Jane Ira Bloom has always been a lyrical player, but on her first ballads collection, stripped of technical enhancements, this elite soprano saxophonist reveals new depths. Leading a quartet including Dominic Fallacaro, a young pianist with a nice light touch, she commands a double album’s worth of the slow stuff, rarely raising her voice or taking a predictable path.
Moving seamlessly between standards and originals, Sixteen Sunsets unfolds with a luminous intensity. It’s difficult to recall a more powerfully contained reading of “I Loves You, Porgy.” Framed by Bloom’s “Gershwin’s Skyline” and treated to just the right amount of blues expression, the classic radiates dignity in the face of sorrow. Bloom’s slow, calmly reflective reading of “The Way You Look Tonight” hits you in a way it rarely does, stripped of sentimentality.
When she allows herself to climb the scale and cut loose, as on “Good Morning Heartache,” the effect is powerful. But as taken as Bloom has always been with flight, she is equally compelling on terra firma, as she demonstrates with her bold melody statement, brilliant sliding phrases and pas de deux with Fallacaro on “Ice Dancing (for Torvill & Dean),” a song originally featured, as was “Gershwin’s Skyline/I Loves You, Porgy,” on her 1988 album, Slalom. Throughout, her gorgeous full notes and assertive tone are a welcome relief from the wispy sound of many soprano saxophonists.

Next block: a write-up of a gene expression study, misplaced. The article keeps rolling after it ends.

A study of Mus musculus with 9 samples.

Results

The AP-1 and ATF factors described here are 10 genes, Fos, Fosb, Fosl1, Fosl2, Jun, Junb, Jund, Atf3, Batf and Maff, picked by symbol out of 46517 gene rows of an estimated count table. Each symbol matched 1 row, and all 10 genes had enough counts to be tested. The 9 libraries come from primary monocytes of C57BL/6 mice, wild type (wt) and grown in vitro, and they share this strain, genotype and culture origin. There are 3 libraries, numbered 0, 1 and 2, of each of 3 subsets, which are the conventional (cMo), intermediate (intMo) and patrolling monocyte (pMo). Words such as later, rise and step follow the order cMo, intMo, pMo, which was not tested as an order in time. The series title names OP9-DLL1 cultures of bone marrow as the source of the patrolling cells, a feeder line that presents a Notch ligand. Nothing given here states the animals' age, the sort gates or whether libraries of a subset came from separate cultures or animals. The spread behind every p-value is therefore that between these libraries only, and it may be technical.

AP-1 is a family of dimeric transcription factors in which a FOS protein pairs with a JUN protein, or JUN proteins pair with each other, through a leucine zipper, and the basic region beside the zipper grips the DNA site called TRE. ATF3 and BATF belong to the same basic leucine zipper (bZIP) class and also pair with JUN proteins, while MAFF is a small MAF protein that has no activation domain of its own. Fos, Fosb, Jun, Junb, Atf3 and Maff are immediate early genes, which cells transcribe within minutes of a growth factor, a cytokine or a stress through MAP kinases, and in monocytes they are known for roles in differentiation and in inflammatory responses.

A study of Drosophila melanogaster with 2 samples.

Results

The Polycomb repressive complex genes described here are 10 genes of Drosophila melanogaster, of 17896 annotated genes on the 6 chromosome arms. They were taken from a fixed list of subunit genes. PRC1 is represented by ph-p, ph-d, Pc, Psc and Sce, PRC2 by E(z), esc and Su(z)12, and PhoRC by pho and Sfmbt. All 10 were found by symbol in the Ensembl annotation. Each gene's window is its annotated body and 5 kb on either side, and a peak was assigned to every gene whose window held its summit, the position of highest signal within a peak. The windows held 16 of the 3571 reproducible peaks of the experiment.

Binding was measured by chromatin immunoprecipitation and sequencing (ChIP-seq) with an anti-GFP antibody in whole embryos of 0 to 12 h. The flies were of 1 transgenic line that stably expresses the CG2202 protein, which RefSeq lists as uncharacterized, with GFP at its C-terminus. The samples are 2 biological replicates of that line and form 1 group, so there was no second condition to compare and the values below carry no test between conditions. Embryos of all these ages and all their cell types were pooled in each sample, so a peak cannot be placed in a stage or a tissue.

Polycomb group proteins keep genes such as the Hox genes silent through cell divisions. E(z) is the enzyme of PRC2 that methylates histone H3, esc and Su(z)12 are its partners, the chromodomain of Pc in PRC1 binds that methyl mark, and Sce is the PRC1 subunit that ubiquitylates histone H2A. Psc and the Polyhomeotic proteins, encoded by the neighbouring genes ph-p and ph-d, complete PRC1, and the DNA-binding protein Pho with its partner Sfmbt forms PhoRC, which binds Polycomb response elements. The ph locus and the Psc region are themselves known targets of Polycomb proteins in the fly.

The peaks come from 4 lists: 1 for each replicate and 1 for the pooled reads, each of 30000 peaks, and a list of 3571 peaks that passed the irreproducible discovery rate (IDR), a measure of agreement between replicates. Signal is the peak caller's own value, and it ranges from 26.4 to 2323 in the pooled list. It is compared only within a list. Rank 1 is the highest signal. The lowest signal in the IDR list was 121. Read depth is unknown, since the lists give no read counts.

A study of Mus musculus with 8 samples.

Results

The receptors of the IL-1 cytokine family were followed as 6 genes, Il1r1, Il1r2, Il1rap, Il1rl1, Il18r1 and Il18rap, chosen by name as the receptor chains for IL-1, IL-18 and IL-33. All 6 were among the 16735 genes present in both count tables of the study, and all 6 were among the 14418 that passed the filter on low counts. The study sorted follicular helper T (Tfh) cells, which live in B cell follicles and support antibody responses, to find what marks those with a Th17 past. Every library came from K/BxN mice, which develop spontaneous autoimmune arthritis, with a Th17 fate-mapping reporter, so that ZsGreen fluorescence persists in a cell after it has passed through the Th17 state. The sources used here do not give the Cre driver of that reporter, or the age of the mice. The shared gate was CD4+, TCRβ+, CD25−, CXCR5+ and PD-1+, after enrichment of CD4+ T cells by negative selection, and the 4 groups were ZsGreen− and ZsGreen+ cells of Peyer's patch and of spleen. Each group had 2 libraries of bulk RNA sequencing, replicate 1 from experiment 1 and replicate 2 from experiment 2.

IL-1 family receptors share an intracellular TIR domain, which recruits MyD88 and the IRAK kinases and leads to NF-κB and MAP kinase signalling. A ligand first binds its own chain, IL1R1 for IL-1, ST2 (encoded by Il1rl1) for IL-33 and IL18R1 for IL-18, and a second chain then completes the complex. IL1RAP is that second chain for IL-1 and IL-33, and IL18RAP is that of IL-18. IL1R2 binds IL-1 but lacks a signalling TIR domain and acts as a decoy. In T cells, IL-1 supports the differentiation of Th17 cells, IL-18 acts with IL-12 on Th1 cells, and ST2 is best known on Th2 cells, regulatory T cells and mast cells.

Veterans that they are, bassist Cameron Brown (providing the same graceful support he has given singer Sheila Jordan) and drummer Matt Wilson are smartly unobtrusive partners. It’s worth noting that Sixteen Sunsets was recorded in 5.1 high-resolution Surround Sound by esteemed engineer Jim Anderson, which only enhances Bloom’s enveloping powers.